Having low blood pressure can be a real pain. High blood pressure gets much more attention and there is clear guidance available to doctors to help people reduce high blood pressure. Sadly low blood pressure isn’t so easily treated.
I wrote an earlier post about low blood pressure and the fact that it can make you feel unwell. In particular it can make you feel dizzy, weak or faint. But I’ve since seen several people asking what they can do to improve their low blood pressure so thought I’d expand on that here.
Are you ill?
Firstly, low blood pressure can be a sign of serious illness so if you feel significantly unwell then do see your doctor. Abdominal symptoms such as pain, nausea and vomiting or weight loss would certainly require further investigation if combined with low blood pressure. A few simple blood tests can go a long way to reassuring you and your doctor that there is unlikely to be anything serious going on. Thankfully, this will be the case for most people.
The good news about the conditions that may be uncovered on a blood test is that most of them are quite treatable. I won’t go into detail about that here as the vast majority of people won’t be in this group.
Some people will have low blood pressure because we doctors have inadvertently caused it by giving you some medication. This can occur when your blood pressure is measured when you aren’t relaxed (for instance, at the doctors!) and then medication is increased. When you relax at home your blood pressure may then be too low. The app which we are releasing soon will help you get an accurate home blood pressure reading which you can show your doctor. Hopefully this will help this group of people to avoid this happening in the first place!
However, a lot of us will find ourselves with low blood pressure and no great explanation for why. So if we don’t know why it’s happening, how can we treat it? Well, although the underlying cause may not be found, it is often possible to still increase low blood pressure through some simple changes.
Stay well hydrated
If you get dehydrated, your blood pressure may drop. This is the last thing you need if it is already low. Water is the best thing to drink. Caffeinated drinks (tea, coffee, coke etc) and alcohol are best avoided as much as possible as they can lead to dehydration.
Eat more salt
Yes, that’s right. The complete opposite to what every doctor has ever told you before! A higher salt intake can increase your blood pressure BUT there is a good reason that doctors are usually nagging you to reduce it. In the wrong person a high salt intake can cause significant problems to their health (affecting the heart and kidneys) so it is best to discuss this with a health professional before going ahead.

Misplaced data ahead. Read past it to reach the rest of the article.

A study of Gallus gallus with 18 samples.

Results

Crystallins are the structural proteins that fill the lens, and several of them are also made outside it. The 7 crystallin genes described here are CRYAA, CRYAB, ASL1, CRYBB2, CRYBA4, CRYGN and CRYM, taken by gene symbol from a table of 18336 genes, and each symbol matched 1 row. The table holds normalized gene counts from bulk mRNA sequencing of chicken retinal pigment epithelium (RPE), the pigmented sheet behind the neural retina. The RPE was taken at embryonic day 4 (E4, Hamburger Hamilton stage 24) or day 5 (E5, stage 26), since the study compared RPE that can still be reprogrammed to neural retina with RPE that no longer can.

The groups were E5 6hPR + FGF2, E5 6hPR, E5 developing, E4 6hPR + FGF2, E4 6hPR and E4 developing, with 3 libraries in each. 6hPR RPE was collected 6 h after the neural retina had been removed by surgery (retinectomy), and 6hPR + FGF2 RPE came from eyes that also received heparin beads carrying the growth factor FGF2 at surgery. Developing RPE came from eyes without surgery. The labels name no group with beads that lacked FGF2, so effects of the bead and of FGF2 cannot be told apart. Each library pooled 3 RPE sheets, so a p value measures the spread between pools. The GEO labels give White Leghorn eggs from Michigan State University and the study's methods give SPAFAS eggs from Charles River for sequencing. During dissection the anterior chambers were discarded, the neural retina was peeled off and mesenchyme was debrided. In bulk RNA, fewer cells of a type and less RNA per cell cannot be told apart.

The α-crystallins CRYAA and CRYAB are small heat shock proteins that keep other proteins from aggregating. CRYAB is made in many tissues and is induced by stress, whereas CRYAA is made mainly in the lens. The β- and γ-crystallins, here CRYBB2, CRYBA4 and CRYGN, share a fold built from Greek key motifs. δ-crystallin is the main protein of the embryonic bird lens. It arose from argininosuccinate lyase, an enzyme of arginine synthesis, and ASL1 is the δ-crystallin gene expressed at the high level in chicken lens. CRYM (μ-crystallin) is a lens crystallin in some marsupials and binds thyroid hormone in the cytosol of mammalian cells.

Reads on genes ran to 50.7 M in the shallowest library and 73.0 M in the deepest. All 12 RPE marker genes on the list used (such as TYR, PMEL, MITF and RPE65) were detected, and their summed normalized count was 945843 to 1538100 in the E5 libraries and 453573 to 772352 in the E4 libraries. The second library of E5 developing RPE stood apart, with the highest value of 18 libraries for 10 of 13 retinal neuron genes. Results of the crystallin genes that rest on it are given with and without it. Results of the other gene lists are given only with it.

Help the blood get where it needs to go
Most of the symptoms from low blood pressure occur because blood isn’t getting where it needs to go fast enough. This is particularly true of your brain. Being at the top of your body it is particularly vulnerable to low blood pressure. Not surprisingly, a poor blood supply to the brain will make you feel faint and dizzy. Stockings which squeeze your legs tightly will result in less of your blood being down there and more being higher up your body where it may be more useful. These support stockings are sold in most pharmacies and are often marketed at people with varicose veins.
Avoid doing things which might take blood away from where it needs to go
Like above, ‘where it needs to go’ is mostly your brain. A big meal can cause problems so eating little and often may improve matters. Standing up quickly may also stop the blood being able to reach your brain, so getting up gradually can help. Doing a few seconds of stretches before getting up can get the blood moving and help keep it flowing up to your brain.
Take some medication
Finally, there are some medications which can either increase the volume of your blood (like drinking more water can) or keep your blood vessels narrower. Both these approaches can increase low blood pressure. Both types of medication are usually started by specialists rather than GPs in the UK, although GPs often continuing prescribing them once they’ve had advice from a specialist.
In summary, begin with a few simple tests, adjust any medications, then more water, more salt (maybe), stockings, small meals and get up slowly. A few medications do exist for the unlucky few who remain unwell after that.